Retro Heaven

Remembering Gareth Hunt

The man who was…Mike Gambit…

gamThe passage of time can play funny tricks on one’s mind and memory. As I write this in 2015 I find it hard to believe that Gareth Hunt died eight years ago, it seems so much more recent. Equally, those of us old enough to recall the Nescafe adverts he used to record in the 1980s will doubtless feel it was a lifetime ago. Remember the shake of the hand to reveal the coffee beans before he smelt the aroma of Nescafe’s finest beans? Those adverts personified Gareth Hunt, he was ever the smooth, charming gentleman with a shade of naughty rebellion. He was the perfect actor for television in the 1970s and we loved him for it.

Born Alan Leonard Hunt in 1943 he lost his father in the Second World War when he was but two years old. By the age of fifteen he had enlisted in the Merchant Navy but jumped ship in New Zealand where he lived and worked for a year before being arrested and imprisoned for three months. Upon deportation back to Britain he went through a number of jobs before getting his TV break in 1968. He featured in a number of shows throughout the early seventies, including Dr Who and Bless This House before securing his name and reputation in Upstairs Downstairs from 1974 until 1976.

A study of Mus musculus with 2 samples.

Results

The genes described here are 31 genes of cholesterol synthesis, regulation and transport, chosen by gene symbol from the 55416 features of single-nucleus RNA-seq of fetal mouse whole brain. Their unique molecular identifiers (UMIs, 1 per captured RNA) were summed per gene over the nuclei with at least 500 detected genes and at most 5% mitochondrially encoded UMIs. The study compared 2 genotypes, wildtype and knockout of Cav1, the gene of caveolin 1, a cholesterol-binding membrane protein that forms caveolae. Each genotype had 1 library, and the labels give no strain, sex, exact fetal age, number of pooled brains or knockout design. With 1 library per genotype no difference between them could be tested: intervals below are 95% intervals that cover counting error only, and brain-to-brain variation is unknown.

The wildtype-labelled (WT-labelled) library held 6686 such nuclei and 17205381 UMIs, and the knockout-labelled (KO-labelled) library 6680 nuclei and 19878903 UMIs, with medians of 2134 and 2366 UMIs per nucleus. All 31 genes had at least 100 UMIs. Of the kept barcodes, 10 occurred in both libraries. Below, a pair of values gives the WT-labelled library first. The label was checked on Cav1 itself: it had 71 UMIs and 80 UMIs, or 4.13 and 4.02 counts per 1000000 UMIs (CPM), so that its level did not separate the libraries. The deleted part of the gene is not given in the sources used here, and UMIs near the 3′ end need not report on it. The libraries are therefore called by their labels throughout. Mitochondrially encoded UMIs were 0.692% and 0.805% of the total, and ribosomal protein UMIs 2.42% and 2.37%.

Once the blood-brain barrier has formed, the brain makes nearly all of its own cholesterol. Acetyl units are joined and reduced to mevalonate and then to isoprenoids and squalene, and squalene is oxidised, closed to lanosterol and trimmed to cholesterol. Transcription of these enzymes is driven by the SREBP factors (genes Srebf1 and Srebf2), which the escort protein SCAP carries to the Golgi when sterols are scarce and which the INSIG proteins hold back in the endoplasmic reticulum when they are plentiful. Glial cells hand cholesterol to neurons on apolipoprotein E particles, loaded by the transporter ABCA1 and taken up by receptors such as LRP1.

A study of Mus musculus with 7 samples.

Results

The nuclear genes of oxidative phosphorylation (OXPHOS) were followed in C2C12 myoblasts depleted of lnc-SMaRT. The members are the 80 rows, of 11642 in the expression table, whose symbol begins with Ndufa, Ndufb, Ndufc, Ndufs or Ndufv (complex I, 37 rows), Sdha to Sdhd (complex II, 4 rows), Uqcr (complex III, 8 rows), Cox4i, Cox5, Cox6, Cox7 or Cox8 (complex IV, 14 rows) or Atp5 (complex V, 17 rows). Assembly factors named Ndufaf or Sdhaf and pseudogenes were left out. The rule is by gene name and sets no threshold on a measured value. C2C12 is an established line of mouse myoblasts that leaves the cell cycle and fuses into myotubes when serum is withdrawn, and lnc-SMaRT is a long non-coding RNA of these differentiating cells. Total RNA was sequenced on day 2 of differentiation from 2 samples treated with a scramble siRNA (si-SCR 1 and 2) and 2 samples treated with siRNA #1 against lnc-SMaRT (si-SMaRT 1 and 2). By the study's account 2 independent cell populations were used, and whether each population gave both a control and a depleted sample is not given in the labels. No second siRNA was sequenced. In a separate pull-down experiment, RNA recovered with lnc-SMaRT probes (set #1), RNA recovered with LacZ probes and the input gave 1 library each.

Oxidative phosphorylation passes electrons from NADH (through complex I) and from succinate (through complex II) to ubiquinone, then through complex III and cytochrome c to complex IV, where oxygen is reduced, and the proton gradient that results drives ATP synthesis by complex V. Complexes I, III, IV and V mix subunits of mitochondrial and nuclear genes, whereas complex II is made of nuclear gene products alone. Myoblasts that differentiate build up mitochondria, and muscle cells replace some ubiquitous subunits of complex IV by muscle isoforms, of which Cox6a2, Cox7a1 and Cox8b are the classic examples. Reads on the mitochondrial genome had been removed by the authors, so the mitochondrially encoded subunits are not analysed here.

It was his role as the footman in Upstairs Downstairs that won him the role of Mike Gambit in the iconic espionage series The New Avengers in which he starred alongside Joanna Lumley and the recently deceased Patrick Macnee. In truth, Hunt was the only reason I stuck watching the series. I never did, nor do ‘get’ The Avengers. It was ‘tongue-in-cheek’ but never quite funny enough and it seemed like watching a Cold War version of Doctor Who when you inevitably question the logic of trying to understand an indescribable plot. But Gambit was cool, and like Bodie and Doyle in The Professionals or Ian Ogilvy as The Saint he was all that we wanted to be. But with the advent of a new decade came a change in fortune and the 1980s was a forgettable period in Hunt’s career.

But still he worked and by the end of the nineties he had appeared in small roles in many television book and film adaptations, thrillers and romances. Into the 2000s and he could be seen in the biggest drama of them all, Eastenders, a final hurrah in a career which afforded him a comfortable lifestyle which yielded three wives and a fixation for golf. But look beyond his coffee induced on-screen flirtations with Liza Goddard and Una Stubbs and remember an actor trained by the National Theatre and Royal Shakespeare Company who gave boys growing up in 1970s Britain something cool to aspire to.

Gareth Hunt suffered a number of heart attacks before dying from pancreatic cancer in 2007.